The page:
Personalization, deep knowledge, and shared goals can establish advisor-client trust.

When it comes to the advisor-client relationship, research finds that retention and new client acquisitions may depend more on the level of trust a client has in the advisor, than on the advisor’s portfolio management and performance.

Every good relationship--whether personal or professional--relies heavily on building trust. That especially goes for the financial advisor-client relationship where someone’s long-term future and livelihood are involved.

It’s mutually beneficial for clients to trust their advisors, because it then becomes more likely that clients will benefit from the expert advice that the advisor offers. On the advisor side, having a full picture of a client’s financial circumstances and goals allows the advisor to choose the best options for the client.

It’s hard to argue against the importance of trust, but it’s also hard to pinpoint how to build trust in the advisor-client relationship. In our research, we began to dig into this conundrum.

What Drives Trust in Advisor-Client Relationships?

We began by narrowing our focus on 18 different advisor behaviors, ranging from whether they keep their word, to whether they take the time to explain their decisions to clients. Each of these 18 behaviors related to six distinct factors, commonly referred to in trust-related research (see Exhibit 1).

  • Communication
  • Expertise
  • Personalization
  • Shared values
  • Concern
  • Integrity

We asked 588 individuals to complete a direct-ranking exercise using these 18 behaviors. In this exercise, participants were asked to rank them based on the following question: “When it comes to developing trust in the advisor-client relationship, what behaviors are most impactful?“ We then calculated the average ranking per behavior.

Table detailing the 18 factors and attributes that were surveyed.

3 Ways to Build Client Trust

When looking at the overall average rankings, the following three behaviors rose to the top:

  • “When my advisor acts in my best interest.”
  • “When I see that my advisor is knowledgeable.”
  • “When I believe that my advisor understands my financials goals.”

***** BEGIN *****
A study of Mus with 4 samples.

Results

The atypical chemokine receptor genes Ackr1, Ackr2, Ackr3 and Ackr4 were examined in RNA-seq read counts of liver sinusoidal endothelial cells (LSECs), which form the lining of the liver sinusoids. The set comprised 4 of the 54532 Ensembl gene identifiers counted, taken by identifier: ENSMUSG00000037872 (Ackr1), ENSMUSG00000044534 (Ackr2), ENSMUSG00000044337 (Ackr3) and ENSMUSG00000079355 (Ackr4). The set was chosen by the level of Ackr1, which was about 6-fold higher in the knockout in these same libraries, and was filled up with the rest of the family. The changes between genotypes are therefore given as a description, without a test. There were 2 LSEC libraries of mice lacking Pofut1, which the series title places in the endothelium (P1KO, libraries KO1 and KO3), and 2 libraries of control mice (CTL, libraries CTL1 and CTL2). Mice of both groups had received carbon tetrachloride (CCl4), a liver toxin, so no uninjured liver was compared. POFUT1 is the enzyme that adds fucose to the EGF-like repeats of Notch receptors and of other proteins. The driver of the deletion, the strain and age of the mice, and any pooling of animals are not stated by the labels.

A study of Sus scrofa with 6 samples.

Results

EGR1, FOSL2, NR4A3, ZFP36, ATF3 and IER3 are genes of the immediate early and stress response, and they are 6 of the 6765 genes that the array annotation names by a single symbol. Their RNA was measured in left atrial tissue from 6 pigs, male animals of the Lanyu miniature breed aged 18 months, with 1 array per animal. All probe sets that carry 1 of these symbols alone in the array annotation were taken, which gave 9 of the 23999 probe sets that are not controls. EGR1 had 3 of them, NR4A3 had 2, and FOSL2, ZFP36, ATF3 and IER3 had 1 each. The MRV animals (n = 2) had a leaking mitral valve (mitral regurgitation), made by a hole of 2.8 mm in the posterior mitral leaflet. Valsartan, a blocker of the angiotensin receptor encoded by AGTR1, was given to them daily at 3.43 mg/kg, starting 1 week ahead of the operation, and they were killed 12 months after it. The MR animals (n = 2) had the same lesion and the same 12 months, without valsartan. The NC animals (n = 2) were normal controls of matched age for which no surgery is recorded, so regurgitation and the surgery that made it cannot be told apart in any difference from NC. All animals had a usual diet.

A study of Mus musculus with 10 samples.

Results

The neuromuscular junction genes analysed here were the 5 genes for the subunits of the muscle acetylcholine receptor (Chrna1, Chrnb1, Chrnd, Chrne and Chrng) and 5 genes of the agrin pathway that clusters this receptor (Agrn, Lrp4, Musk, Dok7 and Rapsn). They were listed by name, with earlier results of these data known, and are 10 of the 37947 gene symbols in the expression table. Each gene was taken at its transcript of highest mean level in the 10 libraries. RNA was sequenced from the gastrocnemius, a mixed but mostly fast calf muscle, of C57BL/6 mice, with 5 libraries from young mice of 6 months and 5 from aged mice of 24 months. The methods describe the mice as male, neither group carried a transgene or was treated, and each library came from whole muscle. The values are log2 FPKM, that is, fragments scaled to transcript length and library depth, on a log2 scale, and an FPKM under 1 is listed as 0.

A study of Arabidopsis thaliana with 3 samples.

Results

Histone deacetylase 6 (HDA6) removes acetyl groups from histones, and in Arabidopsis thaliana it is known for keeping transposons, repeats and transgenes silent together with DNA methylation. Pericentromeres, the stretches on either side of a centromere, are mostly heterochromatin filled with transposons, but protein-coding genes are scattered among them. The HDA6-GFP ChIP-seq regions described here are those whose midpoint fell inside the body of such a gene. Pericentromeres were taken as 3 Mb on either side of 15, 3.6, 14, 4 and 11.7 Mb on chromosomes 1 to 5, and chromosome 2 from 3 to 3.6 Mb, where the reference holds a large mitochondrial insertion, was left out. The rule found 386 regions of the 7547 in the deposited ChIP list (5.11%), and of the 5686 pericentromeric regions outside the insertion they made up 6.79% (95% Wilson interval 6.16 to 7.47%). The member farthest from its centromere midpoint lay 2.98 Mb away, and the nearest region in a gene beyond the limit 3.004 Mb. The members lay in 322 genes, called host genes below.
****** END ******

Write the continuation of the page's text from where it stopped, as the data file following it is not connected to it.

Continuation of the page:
Given these results, here are three actionable ways advisor can build trust with clients.

Make It Clear That You Put Your Client’s Interests First

You can clearly demonstrate your willingness to work for your client’s interest by showcasing that you are a fiduciary on your website, while also explaining what that means. Many individual investors may not be familiar with the term or how much of a difference it can make in their experience. Make sure you provide a simple explanation, with links to a few resources so that clients can learn more about what it means to be a fiduciary.

Demonstrate Your Financial Expertise

Your capabilities can be displayed easily by showing your credentials, whether those are certifications or degrees. Another strategy is to put your experience on full display. This is traditionally done by stating the years you have been in practice or your assets under management. Another option is to consider stating how many families you have helped, or your average tenure with clients. It wouldn’t hurt to have a couple of success stories readily available.

Place Personalization and Goals at the Forefront

At every opportunity, make sure to emphasize how a client’s personal preferences, characteristics, and financial goals are incorporated at each step of the financial planning process. This should remain consistent from the initial conversation focused on building an in-depth understanding of the client and their financial goals, to the final plan that will get them closer to achieving those goals.

To learn more about this research and see how the rest of the behaviors ranked, download our full paper here.